You can change any habit, even addictions to substances, gambling or nail biting. This is the main message of the phenomenally good book, “The Power of Habit” by Charles Duhigg. He doesn’t mention skin picking but you can change that too.
According to Duhigg, every habit has a cue (also known as a trigger in the world of body-focused repetitive behaviors) that starts the habitual sequence of events, and a reward – something that feels good to you upon doing the behavior. It becomes a continually repeated cycle though, and upon repeating the cycle enough, you develop a craving: for the reward at first, but over time the craving occurs sooner, and you crave the behavior itself.
As Duhigg explains, if you keep the cue to the habit the same and also keep the reward the same, then you can change the behavior between them, which is the actual habit you wish to break. What is the cue and what is the reward? The cue is what tells the brain to start the habit, an automatic behavior the brain has learned. To save energy and be more efficient, the brain runs well-learned behaviors on automatic. Beneficial examples are walking or driving. We don’t need to think about how to do those things at all anymore – we can have our attention occupied by our surroundings, our thoughts, a podcast or even a conversation.
A cue can be a place, a time, an emotional or physical state, an activity, or a combination of those things. A reward is the immediate benefit you experience from the habit. We can keep the cue for our picking the same. We just need to be totally aware of all our cues in order to implement a new routine at the onset of the cue, rather than the picking.
How do we become aware of all our cues? The best way to discover all of these is to keep a habit log, like I teach in detail in the book “Skin Picking: The Freedom to Finally Stop”. (So, homework: do your habit log.)
The reward is a bit trickier. You need to really consider: What is the reward for you? Is it a moment of escape from what you were doing, were about to do, or were contemplating doing? Is it the physical stimulation, and if so, on your fingers? Or on the part of your body that you’re picking at? Is it a feeling of accomplishment? A bit of fun? Some time alone? Relief from loneliness, boredom or sadness? These rewards are individual and vary from person to person. You need to figure it out. You may be able to pinpoint your rewards just by thinking about it. Your habit log might give you clues. Or you may need to experiment with different possible rewards and see which one works for you, figuring out which one provides you the same type of reward that can successfully replace the picking.
Stephany realized that she liked the feeling under her fingernails, and she liked the sensation and satisfaction of getting something out of her skin. So she invented her own “fidget toy”: She mixed seed beads (the tiniest beads) into Crazy Aaron’s thinking putty, and she then picked them out one by one while she was watching television (one of her cues for picking). Stephany found that, because the reward was similar enough to the reward she got for picking, it satisfied the craving for picking. After using her bead putty, she did not have the urge to pick anymore.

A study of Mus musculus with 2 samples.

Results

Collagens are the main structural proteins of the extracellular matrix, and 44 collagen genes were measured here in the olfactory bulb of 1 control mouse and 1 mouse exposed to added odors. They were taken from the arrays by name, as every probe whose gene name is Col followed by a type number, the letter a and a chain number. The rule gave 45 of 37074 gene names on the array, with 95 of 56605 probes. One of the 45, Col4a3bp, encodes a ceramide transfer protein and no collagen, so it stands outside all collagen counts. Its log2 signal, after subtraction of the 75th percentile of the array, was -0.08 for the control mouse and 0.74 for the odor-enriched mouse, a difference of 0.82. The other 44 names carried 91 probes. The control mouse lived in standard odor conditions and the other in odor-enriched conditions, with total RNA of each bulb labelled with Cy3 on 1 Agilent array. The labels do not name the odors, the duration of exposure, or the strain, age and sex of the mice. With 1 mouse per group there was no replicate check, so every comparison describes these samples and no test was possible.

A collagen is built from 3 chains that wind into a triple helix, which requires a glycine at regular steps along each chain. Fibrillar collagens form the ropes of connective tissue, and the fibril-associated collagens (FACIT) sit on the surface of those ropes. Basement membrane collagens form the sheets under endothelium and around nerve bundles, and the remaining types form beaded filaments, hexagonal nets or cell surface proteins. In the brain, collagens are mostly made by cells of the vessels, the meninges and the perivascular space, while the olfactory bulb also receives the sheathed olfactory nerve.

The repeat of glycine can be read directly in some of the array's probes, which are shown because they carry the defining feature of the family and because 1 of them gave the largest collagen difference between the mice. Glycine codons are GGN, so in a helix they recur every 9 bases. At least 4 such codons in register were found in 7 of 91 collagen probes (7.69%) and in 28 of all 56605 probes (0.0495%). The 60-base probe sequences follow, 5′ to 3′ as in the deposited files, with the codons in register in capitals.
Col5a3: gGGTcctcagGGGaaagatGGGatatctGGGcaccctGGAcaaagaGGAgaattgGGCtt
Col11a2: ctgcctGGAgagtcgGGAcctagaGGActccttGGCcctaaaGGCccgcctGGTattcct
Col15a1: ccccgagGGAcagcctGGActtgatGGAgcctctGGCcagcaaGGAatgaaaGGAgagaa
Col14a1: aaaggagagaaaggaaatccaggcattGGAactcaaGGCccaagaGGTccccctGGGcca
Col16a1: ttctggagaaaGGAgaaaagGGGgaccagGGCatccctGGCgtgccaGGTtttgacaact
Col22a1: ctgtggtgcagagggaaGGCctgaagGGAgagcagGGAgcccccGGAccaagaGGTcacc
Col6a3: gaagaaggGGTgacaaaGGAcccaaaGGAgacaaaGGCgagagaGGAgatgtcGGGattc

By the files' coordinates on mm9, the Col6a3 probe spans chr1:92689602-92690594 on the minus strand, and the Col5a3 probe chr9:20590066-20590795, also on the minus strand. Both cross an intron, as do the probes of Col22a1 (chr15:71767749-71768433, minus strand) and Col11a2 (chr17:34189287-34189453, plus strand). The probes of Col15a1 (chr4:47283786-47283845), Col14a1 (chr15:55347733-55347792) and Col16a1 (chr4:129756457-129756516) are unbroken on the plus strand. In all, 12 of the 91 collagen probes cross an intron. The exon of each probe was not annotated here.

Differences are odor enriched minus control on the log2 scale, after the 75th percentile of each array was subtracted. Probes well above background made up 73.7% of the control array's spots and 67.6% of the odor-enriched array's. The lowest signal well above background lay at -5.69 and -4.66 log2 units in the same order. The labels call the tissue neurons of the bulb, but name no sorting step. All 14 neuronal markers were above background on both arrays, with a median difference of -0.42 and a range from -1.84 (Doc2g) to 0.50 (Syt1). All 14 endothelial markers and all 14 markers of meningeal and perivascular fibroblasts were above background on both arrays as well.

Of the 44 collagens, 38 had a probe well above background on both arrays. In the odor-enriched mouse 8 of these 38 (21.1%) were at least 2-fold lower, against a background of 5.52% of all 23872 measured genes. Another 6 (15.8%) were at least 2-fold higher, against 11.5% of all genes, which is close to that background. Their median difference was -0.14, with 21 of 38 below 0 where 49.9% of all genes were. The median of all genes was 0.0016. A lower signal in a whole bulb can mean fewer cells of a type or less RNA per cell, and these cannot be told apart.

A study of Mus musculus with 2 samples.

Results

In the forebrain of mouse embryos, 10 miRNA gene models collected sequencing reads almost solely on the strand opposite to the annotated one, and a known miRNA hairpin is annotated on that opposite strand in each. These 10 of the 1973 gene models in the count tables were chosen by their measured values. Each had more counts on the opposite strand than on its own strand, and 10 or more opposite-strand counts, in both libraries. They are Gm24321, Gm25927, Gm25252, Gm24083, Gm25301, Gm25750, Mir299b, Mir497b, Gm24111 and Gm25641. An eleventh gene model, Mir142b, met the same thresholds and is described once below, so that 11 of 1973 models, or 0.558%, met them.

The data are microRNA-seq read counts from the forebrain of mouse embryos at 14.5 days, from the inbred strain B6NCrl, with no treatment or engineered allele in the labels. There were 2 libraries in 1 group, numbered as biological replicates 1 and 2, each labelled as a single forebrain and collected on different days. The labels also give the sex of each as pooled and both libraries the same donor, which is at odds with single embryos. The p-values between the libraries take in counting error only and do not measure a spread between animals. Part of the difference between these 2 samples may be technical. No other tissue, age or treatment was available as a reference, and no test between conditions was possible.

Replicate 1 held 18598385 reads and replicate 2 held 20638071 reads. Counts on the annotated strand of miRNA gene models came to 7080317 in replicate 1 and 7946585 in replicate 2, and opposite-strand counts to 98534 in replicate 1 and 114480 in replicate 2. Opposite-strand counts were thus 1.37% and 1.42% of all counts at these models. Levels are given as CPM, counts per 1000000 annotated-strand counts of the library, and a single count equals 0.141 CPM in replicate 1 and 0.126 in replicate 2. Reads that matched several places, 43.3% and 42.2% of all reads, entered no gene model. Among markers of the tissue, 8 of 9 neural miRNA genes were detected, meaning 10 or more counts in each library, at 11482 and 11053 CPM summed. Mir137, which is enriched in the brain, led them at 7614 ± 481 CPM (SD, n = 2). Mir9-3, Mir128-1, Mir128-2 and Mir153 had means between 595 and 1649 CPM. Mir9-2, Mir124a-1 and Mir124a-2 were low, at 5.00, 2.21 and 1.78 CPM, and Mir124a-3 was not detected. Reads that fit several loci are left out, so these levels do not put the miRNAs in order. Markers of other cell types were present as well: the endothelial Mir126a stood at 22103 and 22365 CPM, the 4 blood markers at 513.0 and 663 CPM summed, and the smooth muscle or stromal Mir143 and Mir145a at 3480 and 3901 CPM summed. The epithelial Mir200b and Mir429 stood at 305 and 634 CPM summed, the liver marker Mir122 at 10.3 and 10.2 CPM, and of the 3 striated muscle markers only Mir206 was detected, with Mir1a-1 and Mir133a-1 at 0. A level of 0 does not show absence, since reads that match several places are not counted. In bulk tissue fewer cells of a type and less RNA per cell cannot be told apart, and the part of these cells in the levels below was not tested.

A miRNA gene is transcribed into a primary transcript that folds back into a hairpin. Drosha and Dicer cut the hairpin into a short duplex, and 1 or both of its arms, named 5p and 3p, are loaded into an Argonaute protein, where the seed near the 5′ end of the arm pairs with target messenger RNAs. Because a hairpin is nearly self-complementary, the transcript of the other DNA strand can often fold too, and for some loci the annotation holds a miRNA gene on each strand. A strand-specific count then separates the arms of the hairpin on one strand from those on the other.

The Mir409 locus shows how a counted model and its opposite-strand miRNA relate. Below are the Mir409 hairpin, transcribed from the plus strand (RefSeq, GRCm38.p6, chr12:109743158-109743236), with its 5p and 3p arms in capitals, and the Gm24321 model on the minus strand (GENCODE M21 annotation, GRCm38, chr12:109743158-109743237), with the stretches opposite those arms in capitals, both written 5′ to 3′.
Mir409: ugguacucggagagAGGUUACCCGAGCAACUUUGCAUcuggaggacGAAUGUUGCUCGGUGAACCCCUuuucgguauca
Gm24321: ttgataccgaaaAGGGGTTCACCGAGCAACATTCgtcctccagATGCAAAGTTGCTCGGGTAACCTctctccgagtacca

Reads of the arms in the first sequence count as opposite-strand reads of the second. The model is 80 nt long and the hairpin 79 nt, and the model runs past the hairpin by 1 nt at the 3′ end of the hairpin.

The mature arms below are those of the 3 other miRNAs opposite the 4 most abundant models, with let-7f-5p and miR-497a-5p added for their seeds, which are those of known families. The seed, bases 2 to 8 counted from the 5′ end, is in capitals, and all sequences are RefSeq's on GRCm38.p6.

Sometimes a combination of rewards are at play. What worked for Kelly was to head to the bathroom after work, a cue for picking, but she replaced the picking behavior with dry brushing her arms and legs, followed by meridian tapping. She really enjoyed this 10 minutes of alone time right after work, and I helped her realize that the picking was providing her alone time she didn’t know she needed. The alone time to decompress from her hectic job was one reward for her, as was the physical stimulation that the dry brushing provided instead of the picking.
Sometimes removing a cue entirely is important in wearing away at the deep groove of the continually traveled behavioral neural pathway. The bathroom was a cue for Kelly, but the immediate cue in the “loop within a loop” was seeing her face in the mirror. In her case it was also important to cover the lower part of the bathroom mirror, so she was only able to see her face from far away. Both seeing and touching skin are the universal immediate cues to the habit nested within the larger habit loops. So one more thing to consider!
On a side note: The habit of looking in closely at your skin will gradually wear away when not continually traveled, but it will take longer than you think. On your own you will always feel more in control than you really are, so I’m warning you: do not take that covering off the mirror for many months! And then at the first sign of the leaning-in behavior returning, re-cover the mirror. It may have been too soon, and it definitely needed to be repeated.
There are more cues for picking, of course. Certain thoughts and emotions are big ones that I’m not going to address in this blog post. I do have chapters in my book about them, but they are some of the trickier areas for which it really helps to have some therapy or coaching.
Additionally, as Duhigg makes clear when overcoming addictions, belief is a huge component of recovery. Belief and encouragement that it can be done, which by the way, I think is one of the main benefits of my coaching, whether it’s in a group or individual. Belief is needed to not give up when the going gets rough.
So, you really have four steps here for homework:
- Determine and list your cues.
- Determine and list your rewards
- Figure out what replacement activities would give you rewards as similar as possible to the ones for picking.
- Implement. Experiment as needed, but do not give up!
If you’re overwhelmed and already know you’re not going to make yourself do homework (it’s hard to hold ourselves accountable!), contact me to learn how coaching can help you. Even better, schedule yourself a Breakthrough Session with me, now 75% OFF when you enter that as a coupon code: “75%OFF”.